Lou Costello plays a country bumpkin vacuum-cleaner salesman, working for the company run by the crooked Bud Abbott. To try to keep him under his thumb, Abbott convinces Costello that he's ... See full summary »
Harry and Willie buy the Edison Movie Studio in the year 1912 from Joseph Gorman, a confidence man. They follow Gorman to Hollywood where, as stunt men, they find him directing movies as Sergei Trumanoff and stealing the studio payroll.
Rocky and Puddin' Head are waiting tables at an inn on Tortuga when a letter given them by Lady Jane for delivery to Martingale gets switched with a treasure map. Kidd and Bonney kidnap them to Skull Island to find said treasure.
Two peanut vendors at a rodeo show get in trouble with their boss and hide out on a railroad train heading west. They get jobs as cowboys on a dude ranch, despite the fact that neither of ... See full summary »
Pete Johnson and Harvey D. Garvey, two inept magicians on tour in the Middle Eastern kingdom of Barabeeha, help disenfranchised young Prince Ramo regain his throne from his devious Uncle Nimativ, who uses two magical hypnotic rings and ruthless methods to maintain his power. By posing as Hollywood talent scouts the boys break out of a dank dungeon with a deranged derelict, evade palace guards, elude the palace executioner, and avoid detection in the forbidden royal harem.Written by
Gabe Taverney (firstname.lastname@example.org)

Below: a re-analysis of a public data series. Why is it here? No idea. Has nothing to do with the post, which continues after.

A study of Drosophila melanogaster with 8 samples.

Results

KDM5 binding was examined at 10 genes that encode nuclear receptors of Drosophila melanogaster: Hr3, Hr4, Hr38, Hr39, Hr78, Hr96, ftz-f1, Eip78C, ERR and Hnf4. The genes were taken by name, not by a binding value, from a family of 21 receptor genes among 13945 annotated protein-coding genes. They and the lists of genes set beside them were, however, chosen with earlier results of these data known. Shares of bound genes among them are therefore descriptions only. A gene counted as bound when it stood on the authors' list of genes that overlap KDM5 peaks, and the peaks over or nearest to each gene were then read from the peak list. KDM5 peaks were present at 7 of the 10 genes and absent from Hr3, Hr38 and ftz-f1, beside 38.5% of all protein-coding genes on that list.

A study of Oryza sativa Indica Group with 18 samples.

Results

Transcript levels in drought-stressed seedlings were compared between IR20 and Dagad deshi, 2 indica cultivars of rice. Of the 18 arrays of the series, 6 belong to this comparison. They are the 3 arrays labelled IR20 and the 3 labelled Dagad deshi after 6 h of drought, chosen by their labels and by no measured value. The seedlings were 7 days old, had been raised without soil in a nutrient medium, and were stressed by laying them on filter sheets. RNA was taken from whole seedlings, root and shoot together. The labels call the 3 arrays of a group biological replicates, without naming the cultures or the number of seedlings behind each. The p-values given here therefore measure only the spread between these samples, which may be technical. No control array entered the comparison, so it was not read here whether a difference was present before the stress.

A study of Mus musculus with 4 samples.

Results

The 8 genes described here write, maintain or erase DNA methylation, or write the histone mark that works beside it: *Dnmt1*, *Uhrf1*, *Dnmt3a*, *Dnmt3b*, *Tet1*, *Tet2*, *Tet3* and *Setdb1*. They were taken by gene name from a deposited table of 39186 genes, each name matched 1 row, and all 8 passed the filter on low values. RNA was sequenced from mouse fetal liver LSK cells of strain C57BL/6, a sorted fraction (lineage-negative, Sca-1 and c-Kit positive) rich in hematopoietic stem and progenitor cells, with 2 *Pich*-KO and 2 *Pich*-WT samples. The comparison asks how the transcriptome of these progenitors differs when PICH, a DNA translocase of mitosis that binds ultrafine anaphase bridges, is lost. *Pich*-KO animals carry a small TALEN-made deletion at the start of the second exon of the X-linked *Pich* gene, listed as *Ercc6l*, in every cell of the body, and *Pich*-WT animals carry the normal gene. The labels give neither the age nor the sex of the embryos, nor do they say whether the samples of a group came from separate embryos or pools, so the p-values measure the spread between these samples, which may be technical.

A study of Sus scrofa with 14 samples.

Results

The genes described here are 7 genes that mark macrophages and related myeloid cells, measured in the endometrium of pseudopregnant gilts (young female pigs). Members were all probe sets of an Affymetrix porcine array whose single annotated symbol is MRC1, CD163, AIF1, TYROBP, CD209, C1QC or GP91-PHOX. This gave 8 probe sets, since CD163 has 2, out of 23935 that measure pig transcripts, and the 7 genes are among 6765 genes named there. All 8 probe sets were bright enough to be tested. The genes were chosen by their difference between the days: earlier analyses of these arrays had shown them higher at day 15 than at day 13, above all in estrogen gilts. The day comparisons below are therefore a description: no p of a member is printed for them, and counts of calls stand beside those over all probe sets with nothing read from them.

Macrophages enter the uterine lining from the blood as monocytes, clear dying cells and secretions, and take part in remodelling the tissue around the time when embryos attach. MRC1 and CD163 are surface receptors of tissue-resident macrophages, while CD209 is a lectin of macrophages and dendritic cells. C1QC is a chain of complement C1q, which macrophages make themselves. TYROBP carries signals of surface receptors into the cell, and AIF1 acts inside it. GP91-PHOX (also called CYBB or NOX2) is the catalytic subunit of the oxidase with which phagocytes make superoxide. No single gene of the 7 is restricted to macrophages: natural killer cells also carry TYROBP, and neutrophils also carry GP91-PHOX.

First Abbott & Costello production after Lou Costello recovered from rheumatic fever; he had been bedridden for many months. See more »
When Harvey shoots the rifle after the barrel was bent by the candle, there was only one hole in his pith helmet. There should have been two, one for the bullet's entrance and one for its exit. See more »
"Lost In A Harem" is Abbott and Costello's second Universal loan-out to MGM. As such, the film benefits from MGM's always excellent production values, but loses much in the fact that MGM didn't have a big comedy unit.
Bud and Lou play entertainers stranded in the Middle East with singer Marilyn Maxwell. They are enlisted by a Sheik who schemes to overthrow his evil uncle with their help.
A&C aren't bad, but there appears to be some energy missing from their performance. This is probably due to Lou's tough year in 1943; his bout with Rheumatic Fever, coupled with his son's tragic death, undoubtedly contributed to this (this was their first filmed effort in 1944, although "In Society," filmed after this, was released earlier.) A&C's carbon copy of the Three Stooges' "Niagara Falls" routine doesn't help either. Musical numbers abound, padding the film length to an unwieldly (at least, for A&C) 89 minutes. Also probably contributing to the downturn in humor was the team's pay cut at MGM! The print used in the video version is scratchy, which also doesn't help matters.
There are other funny moments, including seeing Jimmy Dorsey in a fez, but the tedium in the film outweighs moments of hilarity, keeping "Lost In a Harem" a notch below the team's middling efforts. All in all, A&C were better off at Universal. 5 out of 10.